What is Fever?
Fever is the name given to an increase in body temperature. As a parameter, body temperature is perfectly controlled by the thermoregulatory centre located in the brain which acts as a thermostat and indicates the most appropriate temperature for the body given its current conditions.
Normal body temperature is considered to be 36 °C. This temperature is valid for both children and adults, although values of between 35 and 37.5 °C are also considered to be within a normal range. From a clinical perspective, fever is defined as a temperature above 37.7 °C, while high fever is when it rises above 40 °C.
Thermoregulatory centre – the hypothalamus
Our natural thermostat, that is, the body’s thermoregulatory centre, is called the hypothalamus and is located in the very centre of the brain. The hypothalamus detects two temperature signals: one is transmitted by peripheral nerves from the body’s hot and cold receptors, while the other is derived from the temperature of its surrounding blood. These two types of signal are sent to the thermoregulatory centre of the hypothalamus so that it can maintain normal body temperature. In a neutral climate, human metabolism always produces more heat than necessary, thus maintaining the central body temperature at 37 °C. An excess production of heat due to metabolic activity in the muscles and liver is balanced through heat loss in the skin and lungs.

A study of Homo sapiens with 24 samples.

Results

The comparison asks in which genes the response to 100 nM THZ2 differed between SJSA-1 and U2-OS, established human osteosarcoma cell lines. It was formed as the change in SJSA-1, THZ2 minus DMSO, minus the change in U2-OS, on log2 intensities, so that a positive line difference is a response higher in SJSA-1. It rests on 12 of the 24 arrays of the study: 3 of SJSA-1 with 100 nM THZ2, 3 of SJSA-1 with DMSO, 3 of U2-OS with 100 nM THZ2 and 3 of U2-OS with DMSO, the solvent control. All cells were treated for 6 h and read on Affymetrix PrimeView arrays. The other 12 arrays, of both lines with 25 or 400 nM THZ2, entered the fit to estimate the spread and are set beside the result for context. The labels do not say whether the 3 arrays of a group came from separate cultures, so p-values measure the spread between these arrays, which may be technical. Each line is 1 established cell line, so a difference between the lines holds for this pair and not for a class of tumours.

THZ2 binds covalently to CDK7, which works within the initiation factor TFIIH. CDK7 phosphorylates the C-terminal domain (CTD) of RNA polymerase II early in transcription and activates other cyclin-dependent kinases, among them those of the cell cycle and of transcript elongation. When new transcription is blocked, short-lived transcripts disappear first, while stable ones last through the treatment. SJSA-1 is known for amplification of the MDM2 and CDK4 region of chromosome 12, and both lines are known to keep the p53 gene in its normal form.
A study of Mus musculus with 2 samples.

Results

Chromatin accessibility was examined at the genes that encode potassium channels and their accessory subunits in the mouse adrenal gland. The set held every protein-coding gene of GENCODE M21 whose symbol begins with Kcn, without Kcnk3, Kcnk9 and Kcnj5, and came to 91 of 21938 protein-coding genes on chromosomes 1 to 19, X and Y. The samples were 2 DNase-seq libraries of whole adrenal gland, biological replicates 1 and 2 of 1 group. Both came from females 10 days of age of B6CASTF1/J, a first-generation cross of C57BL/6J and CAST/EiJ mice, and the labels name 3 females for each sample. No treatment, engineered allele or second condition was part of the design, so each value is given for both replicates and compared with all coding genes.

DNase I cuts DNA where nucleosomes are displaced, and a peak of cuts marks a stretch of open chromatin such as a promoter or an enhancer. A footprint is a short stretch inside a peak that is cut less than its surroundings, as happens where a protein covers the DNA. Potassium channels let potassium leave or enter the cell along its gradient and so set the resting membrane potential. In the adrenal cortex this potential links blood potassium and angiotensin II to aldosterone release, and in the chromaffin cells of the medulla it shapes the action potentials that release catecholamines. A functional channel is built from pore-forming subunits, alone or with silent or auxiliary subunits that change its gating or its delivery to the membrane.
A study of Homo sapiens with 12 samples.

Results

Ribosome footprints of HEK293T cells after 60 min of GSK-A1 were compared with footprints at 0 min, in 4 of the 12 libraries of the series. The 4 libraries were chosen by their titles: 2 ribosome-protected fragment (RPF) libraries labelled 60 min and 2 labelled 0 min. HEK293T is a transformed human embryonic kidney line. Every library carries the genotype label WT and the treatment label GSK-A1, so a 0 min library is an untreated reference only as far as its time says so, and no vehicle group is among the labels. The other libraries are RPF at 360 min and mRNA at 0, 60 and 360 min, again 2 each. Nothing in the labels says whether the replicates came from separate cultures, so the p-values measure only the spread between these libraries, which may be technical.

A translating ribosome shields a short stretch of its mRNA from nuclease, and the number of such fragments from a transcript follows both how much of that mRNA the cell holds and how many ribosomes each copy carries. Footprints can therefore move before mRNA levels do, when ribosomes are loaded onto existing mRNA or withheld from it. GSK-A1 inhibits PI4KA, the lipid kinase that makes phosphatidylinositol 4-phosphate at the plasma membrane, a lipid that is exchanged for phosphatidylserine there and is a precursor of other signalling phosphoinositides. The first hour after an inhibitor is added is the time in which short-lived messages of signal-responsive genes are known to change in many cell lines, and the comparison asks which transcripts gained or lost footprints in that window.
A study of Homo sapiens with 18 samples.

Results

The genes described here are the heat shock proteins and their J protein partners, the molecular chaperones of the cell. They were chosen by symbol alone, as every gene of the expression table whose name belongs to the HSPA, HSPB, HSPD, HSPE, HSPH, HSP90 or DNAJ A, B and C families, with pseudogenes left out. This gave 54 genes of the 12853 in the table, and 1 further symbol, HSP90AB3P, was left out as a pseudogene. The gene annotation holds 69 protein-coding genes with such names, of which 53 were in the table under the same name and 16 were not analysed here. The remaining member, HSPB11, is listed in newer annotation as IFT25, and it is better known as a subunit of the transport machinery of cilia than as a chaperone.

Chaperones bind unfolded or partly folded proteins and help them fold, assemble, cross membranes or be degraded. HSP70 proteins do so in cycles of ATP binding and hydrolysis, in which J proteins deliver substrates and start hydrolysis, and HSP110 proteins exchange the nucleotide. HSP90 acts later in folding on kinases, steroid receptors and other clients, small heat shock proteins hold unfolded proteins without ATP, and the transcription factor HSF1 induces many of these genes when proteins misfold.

Factors that can affect body temperature are:
- the time of day. In general, body temperature is higher at night.
- a woman’s body temperature can increase by 1 °C or more during the second half of the menstrual cycle.
- physical activity, strong emotions, eating, wearing thick clothes, taking medicines, a high ambient temperature and high ambient humidity can also increase body temperature.
Patients should visit a doctor as a matter of urgency if the fever does not subside within 48–72 hours or underarm temperature measurements exceed 40
Does it occur frequently?
Fever is a common reason for visiting emergency services. Between 6% and 10% of patients who visit emergency services complain of fever and even more so (15%–20%) in the case of patients aged over 65. The severity and consequences vary greatly depending on the feverish patient’s age and underlying condition. Young adults with fever tend to have benign illnesses that usually clear up quite quickly, whereas people aged over 65 or with chronic diseases belong to a group with a high risk of complications.